Researchers estimate that every day about 400 tons of highly radioactive water enters the Pacific Ocean from the tsunami- and earthquake-damaged Fukushima Daiichi nuclear power plant. The levels of contamination are dangerously high. TEPCO (Tokyo Electric Power Co.) has tried to prevent the spread, but all efforts so far have been ineffective, risky and ultimately unsustainable.
Thousands of tons of radioactive water used to cool molten reactors wrecked by the tsunami of March 2011, are being stored in temporary tanks. The discovery of leaks from some of these tanks or from pipes feeding them has created a growing sense of crisis.
The Japanese government, desperate to contain an ever-growing crisis at the Fukushima nuclear power station, took over the cleanup and announced a $500 million drive to stop the leaks by icing Fukushima. They are planning to stop leakage with an underground wall of ice.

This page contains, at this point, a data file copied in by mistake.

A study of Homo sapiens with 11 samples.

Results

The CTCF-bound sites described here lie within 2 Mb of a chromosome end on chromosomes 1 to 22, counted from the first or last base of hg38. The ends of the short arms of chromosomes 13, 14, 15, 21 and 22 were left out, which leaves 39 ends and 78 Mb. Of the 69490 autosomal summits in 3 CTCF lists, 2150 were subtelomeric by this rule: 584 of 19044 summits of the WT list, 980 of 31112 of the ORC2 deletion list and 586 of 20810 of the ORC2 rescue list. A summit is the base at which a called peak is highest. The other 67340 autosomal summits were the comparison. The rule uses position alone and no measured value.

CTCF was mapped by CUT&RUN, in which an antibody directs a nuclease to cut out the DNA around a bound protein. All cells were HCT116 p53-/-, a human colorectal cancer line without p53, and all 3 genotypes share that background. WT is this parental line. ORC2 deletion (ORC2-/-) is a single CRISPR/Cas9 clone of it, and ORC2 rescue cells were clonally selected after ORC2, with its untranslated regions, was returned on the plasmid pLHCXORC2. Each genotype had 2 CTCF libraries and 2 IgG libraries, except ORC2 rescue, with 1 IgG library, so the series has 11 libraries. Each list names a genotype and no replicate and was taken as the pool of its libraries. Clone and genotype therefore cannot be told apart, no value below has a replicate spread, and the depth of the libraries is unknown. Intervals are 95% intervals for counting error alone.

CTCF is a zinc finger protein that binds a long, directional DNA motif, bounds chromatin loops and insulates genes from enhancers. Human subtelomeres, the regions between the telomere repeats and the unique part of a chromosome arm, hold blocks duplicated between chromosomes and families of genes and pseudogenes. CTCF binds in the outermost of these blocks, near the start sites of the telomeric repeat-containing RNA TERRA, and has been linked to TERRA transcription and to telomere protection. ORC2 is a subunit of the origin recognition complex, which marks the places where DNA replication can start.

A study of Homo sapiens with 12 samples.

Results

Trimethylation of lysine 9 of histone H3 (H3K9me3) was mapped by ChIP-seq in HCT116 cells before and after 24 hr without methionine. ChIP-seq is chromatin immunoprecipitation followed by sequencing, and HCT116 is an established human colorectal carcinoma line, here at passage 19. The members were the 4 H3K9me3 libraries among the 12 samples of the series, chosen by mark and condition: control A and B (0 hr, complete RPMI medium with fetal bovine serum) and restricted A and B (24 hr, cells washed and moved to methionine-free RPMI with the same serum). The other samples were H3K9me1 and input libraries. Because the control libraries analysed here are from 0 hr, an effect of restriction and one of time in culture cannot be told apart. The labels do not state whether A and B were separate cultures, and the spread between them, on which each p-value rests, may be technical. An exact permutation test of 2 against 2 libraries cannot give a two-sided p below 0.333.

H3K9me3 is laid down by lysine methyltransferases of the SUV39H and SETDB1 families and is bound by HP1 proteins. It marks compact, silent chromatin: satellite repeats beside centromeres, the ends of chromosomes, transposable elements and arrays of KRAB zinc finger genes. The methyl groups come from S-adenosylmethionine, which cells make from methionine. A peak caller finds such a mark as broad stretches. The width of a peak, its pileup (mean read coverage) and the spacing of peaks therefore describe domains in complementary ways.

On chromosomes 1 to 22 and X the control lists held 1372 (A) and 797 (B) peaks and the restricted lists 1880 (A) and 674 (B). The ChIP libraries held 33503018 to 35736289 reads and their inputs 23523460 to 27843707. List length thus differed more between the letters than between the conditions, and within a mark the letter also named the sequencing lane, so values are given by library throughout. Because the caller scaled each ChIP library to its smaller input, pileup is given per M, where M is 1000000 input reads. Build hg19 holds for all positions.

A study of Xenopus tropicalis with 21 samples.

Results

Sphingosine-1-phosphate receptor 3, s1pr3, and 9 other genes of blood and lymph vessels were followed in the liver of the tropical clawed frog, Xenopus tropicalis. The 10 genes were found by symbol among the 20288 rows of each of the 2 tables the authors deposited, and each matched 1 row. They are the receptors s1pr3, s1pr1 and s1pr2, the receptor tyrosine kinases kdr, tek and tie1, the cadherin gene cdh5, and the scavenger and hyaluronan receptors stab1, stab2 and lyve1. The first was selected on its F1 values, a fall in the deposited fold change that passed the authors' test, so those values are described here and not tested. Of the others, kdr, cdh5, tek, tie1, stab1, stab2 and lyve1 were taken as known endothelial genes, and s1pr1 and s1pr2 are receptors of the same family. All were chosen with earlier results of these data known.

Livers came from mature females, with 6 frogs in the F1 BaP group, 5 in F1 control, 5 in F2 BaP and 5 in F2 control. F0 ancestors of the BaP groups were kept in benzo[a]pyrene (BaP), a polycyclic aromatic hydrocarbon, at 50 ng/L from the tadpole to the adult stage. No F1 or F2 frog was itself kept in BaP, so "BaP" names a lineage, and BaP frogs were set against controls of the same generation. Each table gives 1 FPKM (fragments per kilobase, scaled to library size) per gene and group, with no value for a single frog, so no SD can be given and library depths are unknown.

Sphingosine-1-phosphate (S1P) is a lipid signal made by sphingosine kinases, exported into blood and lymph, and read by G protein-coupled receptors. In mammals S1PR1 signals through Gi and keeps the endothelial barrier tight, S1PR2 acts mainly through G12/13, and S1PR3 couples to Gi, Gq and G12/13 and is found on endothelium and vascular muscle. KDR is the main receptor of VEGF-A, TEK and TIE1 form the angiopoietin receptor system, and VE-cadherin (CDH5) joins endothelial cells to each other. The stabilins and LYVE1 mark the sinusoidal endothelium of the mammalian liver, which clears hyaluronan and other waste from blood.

The idea is to build a mile-long ice wall and encircle the site’s four destroyed reactors. For that, vertical pipes carrying freezing fluids are to be drilled into the ground at one-meter intervals to form a barrier of permafrost (permanently frozen ground) about 100 feet deep, down to the bedrock. This will produce an expanding cylinder of frozen earth. In about six weeks, those cylinders would fuse together to form a continuous barrier that keeps groundwater out and contaminants in.
Experts believe the ice wall would be a perfect approach to manage ground water. They’re counting on it to help the groundwater drain into the sea instead of contaminated reactors.